Timely discussion of extreme heat and steps towards climate justice

With 2020 on track to be one of the hottest years on record, Woodwell Climate Research Center (formerly Woods Hole Research Center) is connecting the climate dots for the public. On June 24, Woodwell Climate hosted Facing Extreme Heat: Vulnerability and Resistance, a virtual event featuring Dr. Zach Zobel, Woodwell risk scientist, and Eugenia Gibbons, Boston Director of Climate Policy at Health Care Without Harm. Their conversation highlighted the relationship between climate change and increasing occurrence and severity of extreme weather events, socioeconomic disparities in vulnerability, and the compounding dangers of COVID-19.

Over the last half century, the world has seen both higher average temperatures and more record-setting heat extremes. Within the next decade, Dr. Zobel’s research shows, regions of the southern United States will experience at least 80 additional dangerous heat index days compared to 1951. In the next 30 years, major cities such as Washington D.C. and New York will experience 3–4 additional weeks of dangerous heat index days, disproportionately impacting vulnerable communities that are currently unequipped to manage these sustained temperatures.

On the global scale, high impact heat waves of 30°C or higher have historically been concentrated in small regions of India and Pakistan. In 40 years, these events will no longer be confined to the Middle East and Southeast Asia.

“We will start to see these [extreme heat waves] in the southwestern part of the United States,” said Dr. Zobel. “We will see them in Brazil, in areas such as Shanghai in China, which has very high population density, as well as in other parts of southeast Asia and northern Australia. We will start to see these events pop up all over the world, including in many places that don’t have easy access to air conditioning.”

Research area
Takaoka City, Japan street in summer heat.

Extreme heat has made international news in recent weeks as Verkhoyansk, Russia reportedly reached 38°C (100.4°F) on June 20. If verified, this measurement would be the highest recorded above the Arctic Circle. Sweltering heat swept the United Kingdom and mainland Europe from June 22–26. In the United States, NOAA is warning of higher than average temperatures through September and predicting that 2020 will rank among the four warmest years on record.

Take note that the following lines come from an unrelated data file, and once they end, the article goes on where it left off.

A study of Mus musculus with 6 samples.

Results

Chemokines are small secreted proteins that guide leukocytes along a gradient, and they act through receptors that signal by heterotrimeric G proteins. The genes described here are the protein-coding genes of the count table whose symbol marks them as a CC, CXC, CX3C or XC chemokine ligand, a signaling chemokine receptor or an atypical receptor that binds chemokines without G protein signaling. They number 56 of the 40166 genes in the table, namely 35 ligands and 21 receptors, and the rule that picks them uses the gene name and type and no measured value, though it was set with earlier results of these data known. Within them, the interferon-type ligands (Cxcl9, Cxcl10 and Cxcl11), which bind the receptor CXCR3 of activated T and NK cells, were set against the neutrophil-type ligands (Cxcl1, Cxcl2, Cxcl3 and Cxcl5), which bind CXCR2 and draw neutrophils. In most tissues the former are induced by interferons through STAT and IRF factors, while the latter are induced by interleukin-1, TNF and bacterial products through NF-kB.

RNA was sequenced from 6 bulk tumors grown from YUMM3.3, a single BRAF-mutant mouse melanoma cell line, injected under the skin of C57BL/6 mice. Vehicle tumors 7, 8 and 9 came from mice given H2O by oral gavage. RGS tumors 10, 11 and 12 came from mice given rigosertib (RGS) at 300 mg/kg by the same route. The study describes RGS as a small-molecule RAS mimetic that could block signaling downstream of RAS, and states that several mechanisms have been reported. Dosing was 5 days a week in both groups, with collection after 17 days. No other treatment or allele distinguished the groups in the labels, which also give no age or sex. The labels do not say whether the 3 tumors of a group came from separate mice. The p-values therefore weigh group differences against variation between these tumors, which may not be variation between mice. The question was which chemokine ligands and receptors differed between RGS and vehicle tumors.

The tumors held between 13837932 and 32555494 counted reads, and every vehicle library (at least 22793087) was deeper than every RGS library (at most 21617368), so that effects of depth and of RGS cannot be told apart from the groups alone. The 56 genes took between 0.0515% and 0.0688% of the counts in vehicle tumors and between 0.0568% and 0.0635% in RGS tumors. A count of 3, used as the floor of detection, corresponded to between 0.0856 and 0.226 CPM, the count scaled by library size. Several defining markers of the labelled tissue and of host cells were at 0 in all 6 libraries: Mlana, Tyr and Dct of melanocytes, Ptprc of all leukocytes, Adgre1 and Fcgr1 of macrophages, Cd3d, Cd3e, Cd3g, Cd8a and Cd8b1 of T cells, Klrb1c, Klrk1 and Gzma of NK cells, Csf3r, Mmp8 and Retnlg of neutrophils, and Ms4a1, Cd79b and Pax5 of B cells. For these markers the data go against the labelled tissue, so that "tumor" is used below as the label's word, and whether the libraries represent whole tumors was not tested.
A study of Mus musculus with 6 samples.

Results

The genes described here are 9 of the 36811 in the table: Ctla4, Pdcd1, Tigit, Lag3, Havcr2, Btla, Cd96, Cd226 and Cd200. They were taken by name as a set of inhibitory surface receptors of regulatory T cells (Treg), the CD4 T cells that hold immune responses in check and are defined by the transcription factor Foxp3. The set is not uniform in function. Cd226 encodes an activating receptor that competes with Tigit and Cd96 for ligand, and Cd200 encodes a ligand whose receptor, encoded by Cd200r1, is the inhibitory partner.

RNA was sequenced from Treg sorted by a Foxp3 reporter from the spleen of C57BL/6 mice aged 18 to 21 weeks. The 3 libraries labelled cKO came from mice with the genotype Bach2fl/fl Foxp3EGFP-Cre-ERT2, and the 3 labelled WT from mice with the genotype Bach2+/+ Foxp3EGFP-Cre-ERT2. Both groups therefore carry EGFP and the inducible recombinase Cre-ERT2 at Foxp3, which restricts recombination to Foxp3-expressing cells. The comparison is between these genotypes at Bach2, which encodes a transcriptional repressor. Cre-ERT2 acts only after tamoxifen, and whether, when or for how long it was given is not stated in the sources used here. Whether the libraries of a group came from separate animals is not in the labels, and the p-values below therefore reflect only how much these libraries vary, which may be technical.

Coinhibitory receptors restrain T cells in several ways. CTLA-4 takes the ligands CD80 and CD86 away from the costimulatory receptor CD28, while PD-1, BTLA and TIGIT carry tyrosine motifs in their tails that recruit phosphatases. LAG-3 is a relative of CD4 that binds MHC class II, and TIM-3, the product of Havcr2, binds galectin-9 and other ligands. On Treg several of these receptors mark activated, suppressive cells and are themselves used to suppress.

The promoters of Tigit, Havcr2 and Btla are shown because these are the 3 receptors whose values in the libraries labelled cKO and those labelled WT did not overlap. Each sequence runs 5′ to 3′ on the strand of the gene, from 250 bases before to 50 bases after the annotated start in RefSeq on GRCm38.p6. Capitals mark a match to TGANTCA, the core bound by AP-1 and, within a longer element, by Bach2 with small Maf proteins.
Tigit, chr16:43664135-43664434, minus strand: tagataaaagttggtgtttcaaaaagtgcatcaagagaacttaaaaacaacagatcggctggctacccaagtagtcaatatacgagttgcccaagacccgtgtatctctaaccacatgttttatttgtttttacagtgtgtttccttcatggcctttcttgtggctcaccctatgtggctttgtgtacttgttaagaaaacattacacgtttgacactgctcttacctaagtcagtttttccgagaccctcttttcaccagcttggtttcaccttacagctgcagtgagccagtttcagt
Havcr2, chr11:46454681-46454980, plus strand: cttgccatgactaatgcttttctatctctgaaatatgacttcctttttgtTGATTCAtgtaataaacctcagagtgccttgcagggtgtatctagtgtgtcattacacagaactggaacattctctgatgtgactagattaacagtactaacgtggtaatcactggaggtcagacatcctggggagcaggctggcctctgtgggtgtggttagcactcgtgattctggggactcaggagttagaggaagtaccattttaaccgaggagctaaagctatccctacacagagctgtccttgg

This comes as the U.S. is struggling to contain the COVID-19 pandemic. Low-income communities and communities of color in the U.S. face disproportionate risks from both extreme heat and COVID-19, independently. The two are set to collide in potentially deadly ways this summer.

“The COVID-19 pandemic only amplifies and exacerbates the health risks associated with extreme heat,” said Eugenia Gibbons. “At a basic level, our response to the pandemic potentially limits our ability to manage comfort and relief from the heat in ways that we would traditionally, and ways that are traditionally beneficial to vulnerable communities, low-income communities, and communities of color—things like cooling centers, public pools, and public splash pads. Because of the pandemic, we have to limit access to and operation of these facilities.”

Woodwell Climate scientists are also sounding the alarm on how the COVID-19 crisis could amplify the impacts of other summer extreme weather events, hindering disaster response and making it riskier to send victims of hurricanes and wildfires to large shelters.